Thursday, March 10, 2016

A Black Mark

Just this week, a brief story circulated in the news that Tilikum, the most famous (and infamous) killer whale of SeaWorld Orlando, is in rapidly declining health. Quite by coincidence, I had just watched the film Blackfish the night before.

In case you didn't hear of it when it premiered in 2013, Blackfish is a documentary on SeaWorld and the practice of keeping killer whales in captivity. Director Gabriela Cowperthwaite began making it following an attack in which SeaWorld Orlando's largest whale, Tilikum, killed trainer Dawn Brancheau. The documentary highlights this as the third fatality involving Tilikum, and convincingly argues that (despite the scapegoating of Brancheau) there was ample evidence to think an incident like this was inevitable. In a series of interviews with marine biologists and former SeaWorld trainers, the film powerfully argues that while killer whales are quite social in the wild, they can't help but be driven mad by prolonged captivity.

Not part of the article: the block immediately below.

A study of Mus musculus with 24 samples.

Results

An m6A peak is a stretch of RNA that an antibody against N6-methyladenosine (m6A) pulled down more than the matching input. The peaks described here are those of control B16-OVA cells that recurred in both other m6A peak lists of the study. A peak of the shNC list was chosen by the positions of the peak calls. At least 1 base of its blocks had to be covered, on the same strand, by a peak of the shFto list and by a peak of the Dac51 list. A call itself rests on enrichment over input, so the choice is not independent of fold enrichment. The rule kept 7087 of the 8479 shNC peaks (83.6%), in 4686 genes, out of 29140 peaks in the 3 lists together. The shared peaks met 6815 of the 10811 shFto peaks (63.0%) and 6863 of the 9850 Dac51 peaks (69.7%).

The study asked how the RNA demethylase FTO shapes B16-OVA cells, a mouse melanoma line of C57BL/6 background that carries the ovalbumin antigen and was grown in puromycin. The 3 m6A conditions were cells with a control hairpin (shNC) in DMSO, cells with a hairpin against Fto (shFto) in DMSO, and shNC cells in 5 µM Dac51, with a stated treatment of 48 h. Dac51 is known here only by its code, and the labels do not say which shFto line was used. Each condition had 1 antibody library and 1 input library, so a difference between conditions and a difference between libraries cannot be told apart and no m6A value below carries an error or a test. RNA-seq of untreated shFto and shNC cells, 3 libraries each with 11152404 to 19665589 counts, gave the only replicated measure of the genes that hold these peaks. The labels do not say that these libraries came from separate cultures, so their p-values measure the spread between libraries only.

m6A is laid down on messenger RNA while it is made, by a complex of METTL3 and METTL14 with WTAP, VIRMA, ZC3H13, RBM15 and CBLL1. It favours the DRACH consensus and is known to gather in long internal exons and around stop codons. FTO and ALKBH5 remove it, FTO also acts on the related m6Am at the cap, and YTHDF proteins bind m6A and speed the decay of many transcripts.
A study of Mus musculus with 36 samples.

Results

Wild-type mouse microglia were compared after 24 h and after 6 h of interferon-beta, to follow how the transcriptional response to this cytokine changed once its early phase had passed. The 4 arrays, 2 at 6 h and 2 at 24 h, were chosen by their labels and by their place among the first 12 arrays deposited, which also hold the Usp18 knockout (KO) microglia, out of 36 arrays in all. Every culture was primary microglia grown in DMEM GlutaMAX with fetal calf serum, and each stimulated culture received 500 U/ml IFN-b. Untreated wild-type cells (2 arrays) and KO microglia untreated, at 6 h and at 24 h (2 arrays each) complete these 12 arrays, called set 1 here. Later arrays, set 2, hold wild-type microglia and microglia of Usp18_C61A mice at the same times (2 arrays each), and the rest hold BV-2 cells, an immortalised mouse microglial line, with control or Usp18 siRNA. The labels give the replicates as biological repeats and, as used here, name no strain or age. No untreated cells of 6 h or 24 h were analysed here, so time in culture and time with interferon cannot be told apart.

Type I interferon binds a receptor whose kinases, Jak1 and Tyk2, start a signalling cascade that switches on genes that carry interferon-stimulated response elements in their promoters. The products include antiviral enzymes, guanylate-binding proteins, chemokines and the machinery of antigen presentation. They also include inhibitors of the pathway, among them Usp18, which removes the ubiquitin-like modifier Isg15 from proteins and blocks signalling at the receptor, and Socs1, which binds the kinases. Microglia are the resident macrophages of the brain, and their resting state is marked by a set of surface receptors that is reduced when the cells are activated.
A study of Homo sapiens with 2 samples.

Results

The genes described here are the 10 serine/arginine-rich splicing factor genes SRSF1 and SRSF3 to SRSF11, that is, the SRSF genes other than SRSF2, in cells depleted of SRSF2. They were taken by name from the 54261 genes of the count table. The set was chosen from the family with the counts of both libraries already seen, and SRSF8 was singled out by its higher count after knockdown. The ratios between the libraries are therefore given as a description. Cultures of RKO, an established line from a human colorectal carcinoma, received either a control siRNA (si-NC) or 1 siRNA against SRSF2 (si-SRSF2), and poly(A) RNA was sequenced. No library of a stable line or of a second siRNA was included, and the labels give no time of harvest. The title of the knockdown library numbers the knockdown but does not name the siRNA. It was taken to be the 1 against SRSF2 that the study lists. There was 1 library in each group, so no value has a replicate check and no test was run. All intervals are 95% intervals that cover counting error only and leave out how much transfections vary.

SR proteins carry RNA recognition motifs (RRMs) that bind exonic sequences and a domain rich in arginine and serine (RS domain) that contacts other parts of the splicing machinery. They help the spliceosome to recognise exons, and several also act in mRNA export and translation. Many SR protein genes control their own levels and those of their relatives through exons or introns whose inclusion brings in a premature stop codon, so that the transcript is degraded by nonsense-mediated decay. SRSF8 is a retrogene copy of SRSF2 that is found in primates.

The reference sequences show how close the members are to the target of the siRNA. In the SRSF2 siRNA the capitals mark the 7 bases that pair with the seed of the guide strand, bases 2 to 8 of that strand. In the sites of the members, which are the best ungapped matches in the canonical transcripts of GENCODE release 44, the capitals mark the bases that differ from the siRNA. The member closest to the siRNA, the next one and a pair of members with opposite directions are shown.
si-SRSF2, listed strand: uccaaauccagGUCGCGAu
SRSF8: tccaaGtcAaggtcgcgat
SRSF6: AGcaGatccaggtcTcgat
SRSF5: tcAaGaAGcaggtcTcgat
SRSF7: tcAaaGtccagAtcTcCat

If you're the sort of person who imagines two sides to every story, Blackfish is not the documentary for you. Though the film does include token sound bites from one or two people attempting to defend SeaWorld, they come off either deluded or pathological alongside everything else. The family of Dawn Brancheau have sought to distance themselves from the film since its release. Some interview subjects stated afterward that they felt blindsided by the tone the finished film had taken. And of course, SeaWorld has argued steadfastly against the movie.

And yet I find myself not caring about any of that in the final analysis. If there's any merit to the claim of the movie being manipulative, I say it performs exactly the sort of emotional manipulation a good movie is supposed to. It's expertly crafted to inspire sorrow and/or outrage, and you're never conscious of being steered. The movie may well leave you with slight guilt even to own a dog or a cat, and inconsolable at the living conditions of these killer whales. It's a powerfully emotional film. (And, notably, even the film's few detractors seem to stop short of saying it actually lies about anything.)

I now understand the confusion over Blackfish not receiving an Oscar nomination for Best Documentary Feature. Though I can't claim to have seen all the films that were in that year's race, it certainly feels like this one should have been in the hunt. I give it an A-.